The Bridesmaid

The Bridesmaid
By Beverly Lewis
Published by Bethany House
Published on September 11, 2012
Source: ARC from Publisher

Summary taken from Goodreads:

The Latest in Chart-Topping Amish Fiction from Beverly Lewis

Twenty-seven-year-old Joanna Kurtz has made several trips to the altar, but never as a bride. The single young Amishwoman is a closet writer with a longing to be published--something practically unheard of in her Lancaster County community. Yet Joanna's stories aren't her only secret. She also has a beau who is courting her from afar, unbeknownst even to her sister, Cora, who, though younger, seems to have suitors to spare.

Eben Troyer is a responsible young Amishman who hopes to make Joanna Kurtz his bride--if he can ever leave his parents' farm in Shipshewana, Indiana. Yet with his only brother off in the English world, intent on a military career, Eben's hopes for building a life with his dear Joanna are dimming, and patience is wearing thin. Will Joanna ever be more than a bridesmaid?

I know I have mentioned this before, but I am a fan of Amish fiction now- I think it is pure fascination of how an entire community lives near me, and yet I have no idea how they live and get by on a daily basis.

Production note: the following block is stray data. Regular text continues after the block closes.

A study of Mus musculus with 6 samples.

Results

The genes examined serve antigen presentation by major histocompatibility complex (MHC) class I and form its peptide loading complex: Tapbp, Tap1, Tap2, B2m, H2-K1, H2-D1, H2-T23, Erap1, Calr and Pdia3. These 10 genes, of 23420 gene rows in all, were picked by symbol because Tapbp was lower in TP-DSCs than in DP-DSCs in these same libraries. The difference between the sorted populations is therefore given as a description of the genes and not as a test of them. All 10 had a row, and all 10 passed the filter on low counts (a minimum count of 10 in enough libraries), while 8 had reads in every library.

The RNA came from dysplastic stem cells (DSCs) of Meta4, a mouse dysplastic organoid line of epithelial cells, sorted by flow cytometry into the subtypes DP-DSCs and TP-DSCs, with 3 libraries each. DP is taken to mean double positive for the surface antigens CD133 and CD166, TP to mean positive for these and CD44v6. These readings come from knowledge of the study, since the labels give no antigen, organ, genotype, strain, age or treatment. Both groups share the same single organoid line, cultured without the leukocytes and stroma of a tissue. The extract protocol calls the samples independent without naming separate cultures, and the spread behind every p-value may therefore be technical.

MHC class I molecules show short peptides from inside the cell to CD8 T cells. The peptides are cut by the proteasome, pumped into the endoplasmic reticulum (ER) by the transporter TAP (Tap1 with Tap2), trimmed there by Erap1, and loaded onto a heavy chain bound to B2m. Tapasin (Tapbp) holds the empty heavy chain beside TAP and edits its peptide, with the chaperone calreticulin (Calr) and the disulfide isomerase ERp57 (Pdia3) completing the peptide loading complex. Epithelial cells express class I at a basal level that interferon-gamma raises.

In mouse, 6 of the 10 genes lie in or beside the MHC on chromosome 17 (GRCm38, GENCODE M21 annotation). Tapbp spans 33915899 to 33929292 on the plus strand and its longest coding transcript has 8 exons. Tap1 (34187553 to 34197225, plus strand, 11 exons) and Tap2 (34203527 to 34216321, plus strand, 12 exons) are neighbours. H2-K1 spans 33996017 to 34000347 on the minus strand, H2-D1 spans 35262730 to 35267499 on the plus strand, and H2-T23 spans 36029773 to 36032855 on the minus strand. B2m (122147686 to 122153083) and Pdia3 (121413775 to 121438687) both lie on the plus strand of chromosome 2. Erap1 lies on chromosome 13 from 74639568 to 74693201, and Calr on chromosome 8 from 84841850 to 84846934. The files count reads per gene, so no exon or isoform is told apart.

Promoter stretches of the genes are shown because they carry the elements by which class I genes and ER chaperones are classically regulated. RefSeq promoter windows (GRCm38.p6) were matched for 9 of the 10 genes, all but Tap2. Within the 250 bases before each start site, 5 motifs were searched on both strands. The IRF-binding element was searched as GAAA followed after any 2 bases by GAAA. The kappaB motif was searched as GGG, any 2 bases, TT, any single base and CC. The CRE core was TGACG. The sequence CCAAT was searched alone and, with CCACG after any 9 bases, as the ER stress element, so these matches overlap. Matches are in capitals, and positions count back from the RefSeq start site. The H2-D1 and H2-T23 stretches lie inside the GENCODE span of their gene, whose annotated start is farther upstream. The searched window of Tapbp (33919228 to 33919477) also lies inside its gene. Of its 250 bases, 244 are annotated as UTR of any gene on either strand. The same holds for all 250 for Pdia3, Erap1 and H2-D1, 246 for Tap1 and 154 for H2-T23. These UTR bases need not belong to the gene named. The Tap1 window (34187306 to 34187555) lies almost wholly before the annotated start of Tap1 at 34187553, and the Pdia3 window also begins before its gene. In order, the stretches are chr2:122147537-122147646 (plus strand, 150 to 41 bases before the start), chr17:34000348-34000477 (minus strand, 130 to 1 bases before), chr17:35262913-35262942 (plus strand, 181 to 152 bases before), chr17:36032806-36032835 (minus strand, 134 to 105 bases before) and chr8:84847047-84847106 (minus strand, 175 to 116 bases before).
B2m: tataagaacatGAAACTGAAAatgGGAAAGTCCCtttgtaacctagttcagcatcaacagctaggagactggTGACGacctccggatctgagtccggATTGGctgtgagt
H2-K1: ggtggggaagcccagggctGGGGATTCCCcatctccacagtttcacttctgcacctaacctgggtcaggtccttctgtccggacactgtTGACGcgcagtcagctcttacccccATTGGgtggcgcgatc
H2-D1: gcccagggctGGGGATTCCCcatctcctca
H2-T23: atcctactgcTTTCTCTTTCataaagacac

The first book in this series was The Fiddler, and I reviewed it here on the blog a few months ago- Beverly Lewis seems to an expert at cranking books out very quickly- she has a large fan base that buys all of her books, so I suppose that is a good reason to keep putting out many books a year.

I did love the first book in this series, but I struggled a bit with this one.  I loved Joanna's character in the Fiddler- and her character didn't change, but I wasn't a fan of Eben.  For as much as Joanna and Eben talked on the phone and in letters- they didn't seem to actually communicate with each other.  I felt that Eben was lacking a bit in the story hero that I enjoy.  This was a very short book compared to Lewis' other novels, and it felt a bit like a novella.  

There was an entire second storyline of Joanna and her sister and Joanna's writing- I felt like this was never "tied up" at the end of the book.  I have no idea what happened- was she still allowed to write? Did she and her sister get along better?  All in all this was an enjoyable read, but this is not a Lewis book that I will revisit.